Healey, a 43-year-old Charlestown Democrat making her first run for public office, had won 63 percent of the vote compared to 37 percent for Miller with 87 percent of the votes counted Tuesday night. Her win will make her the nation's first openly gay state attorney general.
Democrats, starting with former House Speaker Robert Quinn, have held the office since 1969.
During the race, Healey stressed her experience as the chief of the civil rights division in the attorney general's office, running on an anti-casino platform and saying she'll use the office to act as the "people's lawyer," citing her argument in 2009 against the Defense of Marriage Act in federal court as an example.
In her acceptance speech, she addressed casinos. "To those worried about casinos, I will hold their feet to the fire," she said.
"I will give it everything I've got every day, and I'm going to leave it all on the court," she said at the Fairmont Copley Plaza.
Healey thanked her opponent, supporters, voters and her former boss, Attorney General Martha Coakley. Healey said, "I'm here today because of Martha Coakley. Martha Coakley has shown this country what a great attorney general can do . . . I couldn't have asked for a better mentor, a better friend, a better role model."
Healey resigned last year to run for the attorney general's office.
MassEquality on Tuesday night said Healey will in January become the first openly gay state attorney general in the United States.
"Maura's win tonight is an historic victory for LGBTQ people and for LGBTQ equality," MassEquality Executive Director KC Coredini said in a statement. "Maura has spent the last seven years in the attorney general's office making the Commonwealth a national leader on LGBTQ issues with her vision, drive and talent.
"Now, as the country's first openly gay state attorney general she is poised to make history again, not only with what more she will accomplish in this critical office, but with who she is. For LGBTQ young people everywhere, Maura is an example of how far they can go, and how much they can accomplish. We look forward to continuing to work with her to ensure a level playing field for all and to raise the bar on equality and justice, both across this state and the nation."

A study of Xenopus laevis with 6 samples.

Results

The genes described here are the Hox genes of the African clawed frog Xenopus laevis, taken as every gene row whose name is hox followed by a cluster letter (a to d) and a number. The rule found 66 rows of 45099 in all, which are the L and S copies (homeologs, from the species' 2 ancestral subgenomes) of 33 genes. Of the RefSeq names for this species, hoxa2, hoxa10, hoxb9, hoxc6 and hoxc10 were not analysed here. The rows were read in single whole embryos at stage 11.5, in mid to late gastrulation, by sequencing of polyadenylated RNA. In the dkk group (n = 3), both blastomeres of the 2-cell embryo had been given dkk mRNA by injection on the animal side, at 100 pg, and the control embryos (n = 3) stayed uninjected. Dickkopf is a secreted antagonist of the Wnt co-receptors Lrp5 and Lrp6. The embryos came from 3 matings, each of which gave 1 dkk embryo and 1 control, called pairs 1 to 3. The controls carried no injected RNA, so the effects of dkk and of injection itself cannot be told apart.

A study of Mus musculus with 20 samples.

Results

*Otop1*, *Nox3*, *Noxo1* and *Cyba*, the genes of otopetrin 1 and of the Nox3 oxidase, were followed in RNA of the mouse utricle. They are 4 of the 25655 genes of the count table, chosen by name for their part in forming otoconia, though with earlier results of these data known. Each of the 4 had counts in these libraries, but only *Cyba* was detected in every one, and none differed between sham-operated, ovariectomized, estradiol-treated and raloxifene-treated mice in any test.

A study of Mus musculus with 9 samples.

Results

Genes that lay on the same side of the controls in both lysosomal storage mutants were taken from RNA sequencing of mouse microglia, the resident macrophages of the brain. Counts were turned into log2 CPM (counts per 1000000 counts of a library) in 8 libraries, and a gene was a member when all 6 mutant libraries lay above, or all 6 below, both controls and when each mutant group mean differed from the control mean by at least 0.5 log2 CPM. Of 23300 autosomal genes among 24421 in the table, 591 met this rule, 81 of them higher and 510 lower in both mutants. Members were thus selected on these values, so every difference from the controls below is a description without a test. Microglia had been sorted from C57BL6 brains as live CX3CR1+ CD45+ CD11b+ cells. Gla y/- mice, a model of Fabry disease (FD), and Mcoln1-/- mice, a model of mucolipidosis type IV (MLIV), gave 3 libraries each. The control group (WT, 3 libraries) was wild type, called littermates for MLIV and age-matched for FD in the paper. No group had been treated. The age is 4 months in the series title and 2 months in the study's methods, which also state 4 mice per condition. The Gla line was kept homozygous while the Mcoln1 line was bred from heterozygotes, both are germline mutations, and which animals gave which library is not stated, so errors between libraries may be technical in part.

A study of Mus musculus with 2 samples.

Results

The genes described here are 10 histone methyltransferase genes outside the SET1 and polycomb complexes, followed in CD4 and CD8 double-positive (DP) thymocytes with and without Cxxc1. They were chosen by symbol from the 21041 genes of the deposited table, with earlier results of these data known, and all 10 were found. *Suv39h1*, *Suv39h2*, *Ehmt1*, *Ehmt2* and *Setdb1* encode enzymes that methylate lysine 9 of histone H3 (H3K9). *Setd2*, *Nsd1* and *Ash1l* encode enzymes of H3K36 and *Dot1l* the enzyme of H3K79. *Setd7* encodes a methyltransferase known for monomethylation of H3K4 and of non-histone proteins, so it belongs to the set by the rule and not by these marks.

Healey's campaign highlighted her experience as a former point guard for an Austrian professional basketball team, playing up her experience on the court in campaign ads and literature.
According to her campaign website, Healey pledges to act as a "21st century ratepayer advocate, seeking savings for consumers by controlling energy costs, reducing energy use" and creating a "more coordinated system for reviewing constituent complaints."
Her campaign website adds that the "rigged hiring system uncovered in the Probation Department is a prime example of the kind of misconduct I will root out as Attorney General."
According to a Families Against Mandatory Minimums questionnaire she filled out, Healey supports ending mandatory minimums for non-violent drug offenses and expanding drug courts and mental health courts.
She has also said she will create a child and youth protection division in the office, focusing on child welfare issues and advising the state Department of Children and Families.
Healey faced former Sen. Warren Tolman (D-Watertown) in a feisty primary, winning with 62 percent of the vote and grabbing the attention of Democratic activists who now consider her a rising star within the party and a possible candidate for governor in 2018.
During a primary debate with Tolman, Healey declined to take a pledge not to run for higher office if she won the attorney general's race.
Miller, a 61-year-old who was also making his first run for public office, was unopposed in his primary.
In conceding to Healey, Miller said Massachusetts was in "desperate need" of an attorney general who would apply the law impartially and take a "professional, not a political approach" to the office.
"The fight for impartial, fact based justice from a non-partisan attorney general goes on," Miller said.
Matt Murphy and Andy Metzger contributed reporting.